Point of purchase campaigns suffer more than most from being lost in the crowd, because when your shelf-wobbler or poster is one of many in a supermarket heaving with stock, getting cut-through is a challenge.
So the suggestion that brands could increase sales or awareness by running PoP campaigns in stores where their products are not stocked comes as something of a surprise. The idea raises a number of questions, not least whether retailers would allow such a ploy. Another is whether consumers, who have to process so much information in store, could be expected to take on more information about other products and services at the same time.
Daniel Todaro, managing director of Gekko, says: “The value of PoP for brands to drive sales is clear, but there is huge competition for the space, and to clutter it with brand enhancement material is wasting valuable space.
“Store managers generally dislike PoP, but they understand that the right in-store promotion in the right position can drive sales. But advertising products that are not sold in the store will find little favour with store managers.”
But maybe there is an argument for advertising holiday deals, for example, at the checkout. Jonas Lembke, creative director at Craik Jones, says: “We are all conditioned to believe that we will see messages in a certain way and in a certain place. If you break those rules and get some attention, the brand will get a few more seconds from the consumer.
“In stores you expect to see buy-one-get-one-free offers, and it can only be good if someone comes along and says, ‘Actually you need a car to go with that’ – if it allows the connection to be made.”
But Nick Gray, managing director at retail design specialists Live & Breathe, says that if products are not on sale in the store, then the communication is advertising and not PoP.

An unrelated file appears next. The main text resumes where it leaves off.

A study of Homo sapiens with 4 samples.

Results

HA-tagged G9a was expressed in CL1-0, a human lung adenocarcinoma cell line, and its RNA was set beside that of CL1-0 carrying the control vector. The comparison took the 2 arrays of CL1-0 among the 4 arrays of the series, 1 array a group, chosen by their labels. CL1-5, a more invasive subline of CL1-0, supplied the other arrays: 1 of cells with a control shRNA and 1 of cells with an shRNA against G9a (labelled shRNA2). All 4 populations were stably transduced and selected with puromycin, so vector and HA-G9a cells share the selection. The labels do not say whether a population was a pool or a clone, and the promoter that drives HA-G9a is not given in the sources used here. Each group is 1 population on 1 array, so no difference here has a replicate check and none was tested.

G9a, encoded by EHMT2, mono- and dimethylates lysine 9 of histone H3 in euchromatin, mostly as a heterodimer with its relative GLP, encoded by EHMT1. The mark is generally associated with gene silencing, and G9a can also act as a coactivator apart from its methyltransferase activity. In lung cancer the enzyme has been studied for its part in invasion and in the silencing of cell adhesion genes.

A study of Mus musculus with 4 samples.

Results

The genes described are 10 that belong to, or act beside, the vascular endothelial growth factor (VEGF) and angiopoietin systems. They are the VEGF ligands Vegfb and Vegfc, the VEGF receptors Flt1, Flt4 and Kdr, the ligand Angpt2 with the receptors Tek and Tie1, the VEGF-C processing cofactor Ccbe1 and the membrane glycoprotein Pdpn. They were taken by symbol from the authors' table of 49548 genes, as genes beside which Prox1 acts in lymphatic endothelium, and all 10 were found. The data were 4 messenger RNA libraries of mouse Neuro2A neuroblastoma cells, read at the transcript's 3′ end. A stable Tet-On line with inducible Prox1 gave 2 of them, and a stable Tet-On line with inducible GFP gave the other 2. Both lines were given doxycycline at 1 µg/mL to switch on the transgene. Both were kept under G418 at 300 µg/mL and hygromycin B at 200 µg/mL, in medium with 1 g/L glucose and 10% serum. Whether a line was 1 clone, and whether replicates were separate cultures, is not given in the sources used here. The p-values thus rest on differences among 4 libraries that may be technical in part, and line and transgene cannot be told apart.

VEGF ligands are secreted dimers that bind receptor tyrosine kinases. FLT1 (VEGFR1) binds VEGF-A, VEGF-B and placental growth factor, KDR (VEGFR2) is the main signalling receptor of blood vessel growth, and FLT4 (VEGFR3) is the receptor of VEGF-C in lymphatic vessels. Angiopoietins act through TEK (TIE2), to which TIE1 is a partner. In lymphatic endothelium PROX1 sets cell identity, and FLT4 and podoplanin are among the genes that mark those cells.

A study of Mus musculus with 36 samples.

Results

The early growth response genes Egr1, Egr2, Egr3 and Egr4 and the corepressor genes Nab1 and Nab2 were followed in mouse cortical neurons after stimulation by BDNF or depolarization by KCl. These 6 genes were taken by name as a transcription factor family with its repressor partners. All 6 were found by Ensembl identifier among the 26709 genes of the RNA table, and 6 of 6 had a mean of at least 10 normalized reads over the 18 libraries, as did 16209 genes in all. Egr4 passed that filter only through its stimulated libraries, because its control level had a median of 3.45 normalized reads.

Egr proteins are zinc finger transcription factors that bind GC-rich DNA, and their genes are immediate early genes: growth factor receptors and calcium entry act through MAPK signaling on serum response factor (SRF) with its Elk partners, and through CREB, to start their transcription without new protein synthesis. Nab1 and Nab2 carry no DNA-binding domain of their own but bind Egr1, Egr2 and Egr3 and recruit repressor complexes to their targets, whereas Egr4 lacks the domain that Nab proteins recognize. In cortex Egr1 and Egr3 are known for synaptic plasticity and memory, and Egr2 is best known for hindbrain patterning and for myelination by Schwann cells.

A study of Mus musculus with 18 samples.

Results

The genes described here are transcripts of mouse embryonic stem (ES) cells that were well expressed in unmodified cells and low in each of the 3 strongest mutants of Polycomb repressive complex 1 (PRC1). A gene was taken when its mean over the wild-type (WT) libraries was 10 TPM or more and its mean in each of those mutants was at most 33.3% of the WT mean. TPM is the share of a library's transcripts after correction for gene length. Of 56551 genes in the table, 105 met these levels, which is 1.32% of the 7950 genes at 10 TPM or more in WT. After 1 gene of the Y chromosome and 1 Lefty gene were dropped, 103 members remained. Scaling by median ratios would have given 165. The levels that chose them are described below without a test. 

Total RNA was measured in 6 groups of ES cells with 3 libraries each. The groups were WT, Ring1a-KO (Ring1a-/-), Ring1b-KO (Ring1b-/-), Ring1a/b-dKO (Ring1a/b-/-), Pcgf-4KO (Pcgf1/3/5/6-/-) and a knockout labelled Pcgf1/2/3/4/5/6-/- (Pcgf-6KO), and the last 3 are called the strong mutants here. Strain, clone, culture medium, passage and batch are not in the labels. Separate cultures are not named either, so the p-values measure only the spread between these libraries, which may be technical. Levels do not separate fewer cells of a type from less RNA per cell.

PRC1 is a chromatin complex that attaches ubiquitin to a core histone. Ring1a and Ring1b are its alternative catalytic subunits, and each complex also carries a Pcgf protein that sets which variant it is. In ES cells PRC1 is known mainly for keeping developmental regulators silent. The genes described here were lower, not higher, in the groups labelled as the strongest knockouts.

He also confirms that grocery retailers are unlikely to allow unrelated advertising in store. “One of our top clients is a big grocery retailer and they say that efficiency of space, the limit of clutter and clean space is the most important thing to them. Any brand that isn’t a supplier couldn’t guarantee any return on investment.
“It’s all about branding. For example, you can now buy shelf-strip space in a large stationery store chain. So one could see shelf-edge space advertising a petrol brand by the car magazines. But, unless brand owners can really show the relevance, this type of advertising does end up looking desperate and crass,” says Gray.
Liana Dinghile, a consultant at Dragon, does see some logic in the idea. “The most obvious example of brands using PoP for products not strictly sold on premises would be retailers promoting their wider portfolio, like M&S Money or Tesco car insurance.
“This is logical because the consumer is in their environment and PoP provides targeted exposure to the breadth of their branded products and ventures.”
Dinghile also sees the link between holiday promotion and supermarket checkouts, and likens it to partnership marketing, where the campaigns are “as much about building and promoting an association with the media owner, for example the supermarket or fashion retailer, as it is about sales”.
Rich Bryson, director at Intelligent Marketing, says third-party partnerships are able to achieve strong brand awareness among a target audience without the usual competitor noise. “In these cluttered and saturated market times, brands are looking outside of their own store environment to grow brand equity.”
JC Decaux provides 400 poster sites at Tesco stores and, according to research done by the site provider, car advertisers are missing out on supermarket shoppers. The research identified opportunities for brands that are not traditional supermarket advertisers, but who could capitalise on the audiences delivered by supermarkets.
Spencer Berwin, managing director of sales at JC Decaux, says about a year ago the company approached Tesco’s database in a different way. “We started talking about a lifestyle that each Tesco store had, in terms of the characteristics of the shoppers who used it.”
Whether unrelated PoP material would really work in store is still an unknown. Mike Staines, head of retail at BMT, comments: “While any in-store activity may increase brand awareness, there is a real risk of contextual displacement and that the brand message will simply become lost in the general brand-wash we all suffer.
“The notion of producing PoP to increase branding opportunities smacks of increasing media sales opportunities, rather than product sales opportunities. It is an ill-conceived idea, one that is counterproductive, as it seemingly clutters the mind and confuses the flow of existing messages.”